This week’s U.S. Supreme Court decision regarding sales tax collection on internet purchases sure feels like government finally catching up with the reality of modern commerce.

The aftermath of the decision may show how far government still has to go.

The decision erases the existing law wherein only stores with actual physical locations in a state had to collect sales tax on internet purchases. If the seller had no physical presence in a state, the thinking went, it shouldn’t be obligated to collect sales taxes in the state. (Technically, we were all supposed to be paying that sales tax anyway, but it’s impossible to enforce and almost no Utahns do that.)

There also was a practical aspect to existing law in that some 10,000 different government entities are fed by sales tax in this country, and every community has different rates. To collect the taxes, online retailers have to know all the rates of their customers. Software has made that easier, but at a price that has made it simpler for the giants to adapt. (Amazon started collecting Utah sales tax more than a year ago.) Mom-and-pop Etsy sellers in Utah could take a hit from this.

Speaking of Mom and Pop, those who had been hoping for this decision argue for fairness for Utah businesses. The brick-and-mortar folks don’t just collect sales tax. They pay property taxes and income taxes and employ Utahns who also pay taxes.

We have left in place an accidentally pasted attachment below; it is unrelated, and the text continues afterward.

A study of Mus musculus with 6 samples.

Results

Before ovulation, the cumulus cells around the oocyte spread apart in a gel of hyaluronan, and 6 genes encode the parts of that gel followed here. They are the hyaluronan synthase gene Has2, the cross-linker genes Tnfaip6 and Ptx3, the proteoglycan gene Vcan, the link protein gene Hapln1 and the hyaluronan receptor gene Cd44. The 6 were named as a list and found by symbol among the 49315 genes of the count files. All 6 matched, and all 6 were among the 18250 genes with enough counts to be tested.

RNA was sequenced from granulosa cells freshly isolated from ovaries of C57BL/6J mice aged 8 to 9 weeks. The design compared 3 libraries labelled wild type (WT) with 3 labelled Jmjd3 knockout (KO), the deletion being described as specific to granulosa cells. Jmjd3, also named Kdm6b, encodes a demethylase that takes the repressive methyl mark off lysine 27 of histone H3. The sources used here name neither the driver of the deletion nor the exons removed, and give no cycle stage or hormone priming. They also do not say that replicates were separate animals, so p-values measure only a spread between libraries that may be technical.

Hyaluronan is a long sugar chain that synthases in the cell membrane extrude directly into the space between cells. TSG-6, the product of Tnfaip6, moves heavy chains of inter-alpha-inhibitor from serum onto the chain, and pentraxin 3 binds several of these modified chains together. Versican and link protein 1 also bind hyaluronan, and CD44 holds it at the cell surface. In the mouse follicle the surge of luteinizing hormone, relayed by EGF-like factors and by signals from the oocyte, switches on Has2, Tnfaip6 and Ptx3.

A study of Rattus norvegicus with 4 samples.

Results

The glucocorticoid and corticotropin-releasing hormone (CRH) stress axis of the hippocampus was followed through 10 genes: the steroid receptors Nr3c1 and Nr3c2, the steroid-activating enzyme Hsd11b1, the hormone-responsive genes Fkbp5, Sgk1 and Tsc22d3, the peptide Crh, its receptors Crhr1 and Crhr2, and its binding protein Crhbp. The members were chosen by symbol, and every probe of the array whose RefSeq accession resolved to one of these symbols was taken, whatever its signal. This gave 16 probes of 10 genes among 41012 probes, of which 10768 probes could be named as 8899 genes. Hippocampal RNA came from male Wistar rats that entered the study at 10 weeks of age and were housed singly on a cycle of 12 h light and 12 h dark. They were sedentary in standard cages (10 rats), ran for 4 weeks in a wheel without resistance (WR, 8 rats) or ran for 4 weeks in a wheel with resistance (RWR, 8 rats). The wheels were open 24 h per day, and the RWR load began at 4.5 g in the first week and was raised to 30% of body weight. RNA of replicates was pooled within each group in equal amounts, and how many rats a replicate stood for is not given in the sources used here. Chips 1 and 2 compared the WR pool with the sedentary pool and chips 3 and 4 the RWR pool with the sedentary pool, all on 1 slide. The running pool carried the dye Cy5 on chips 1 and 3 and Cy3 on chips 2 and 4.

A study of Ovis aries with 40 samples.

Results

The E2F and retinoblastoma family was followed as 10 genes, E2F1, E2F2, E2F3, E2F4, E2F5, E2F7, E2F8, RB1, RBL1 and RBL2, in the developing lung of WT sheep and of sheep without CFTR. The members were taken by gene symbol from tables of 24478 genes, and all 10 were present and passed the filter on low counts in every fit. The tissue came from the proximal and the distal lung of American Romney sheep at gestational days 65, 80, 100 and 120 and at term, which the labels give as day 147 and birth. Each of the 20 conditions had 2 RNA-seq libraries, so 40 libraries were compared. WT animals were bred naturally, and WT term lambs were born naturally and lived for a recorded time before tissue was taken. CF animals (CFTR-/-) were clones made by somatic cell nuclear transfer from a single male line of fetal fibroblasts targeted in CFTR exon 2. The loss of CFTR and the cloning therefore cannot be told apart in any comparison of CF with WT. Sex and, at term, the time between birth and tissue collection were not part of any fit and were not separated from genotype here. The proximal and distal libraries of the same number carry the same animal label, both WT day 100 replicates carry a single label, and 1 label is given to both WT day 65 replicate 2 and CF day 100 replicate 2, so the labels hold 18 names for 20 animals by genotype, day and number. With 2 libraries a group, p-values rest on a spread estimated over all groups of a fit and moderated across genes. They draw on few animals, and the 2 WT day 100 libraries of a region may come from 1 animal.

But if Mom and Pop think this decision will reverse either the migration to online sales or the ongoing concentration of retail among large players, they will be disappointed. Those fundamentals are ingrained, and Main Street still will be a tough place to do business.

The Utah Legislature still has to act on the court’s decision, and it remains to be seen if this really will be a windfall for Utah governments. Some estimates put the lost revenue at more than $200 million annually, but it’s probably less. Maybe a lot less, given that Amazon had already committed.

In essence, the court has said that sales tax can be based on where the buyer is, not where the seller is. But what does that mean in a world where even groceries can now come via shipping? It’s one thing when we’re talking about sellers from out-of-state, but what happens in state?

Let’s say you live in Morgan County (sales tax rate 5.95 percent) and you buy a $30,000 car from a dealership in Ogden (sales tax rate 7.10 percent). If the dealer “delivers” the car to you in Morgan, do you save $345 on sales tax? And does Morgan get that sales tax revenue, or Ogden?

All of this change is coming against the backdrop of sales tax revenue failing to keep pace. Lifestyle and generational changes appear to be reducing the amount of goods people want to buy. Instead they want more services, which aren’t covered by sales tax. If we really want to put a tax burden on consumption, we’ll need to look at services, too.

It may be better to think of this decision as the genesis of a sales-tax update rather than the update itself. Sales tax needs an overhaul, and it’s going to be a big change.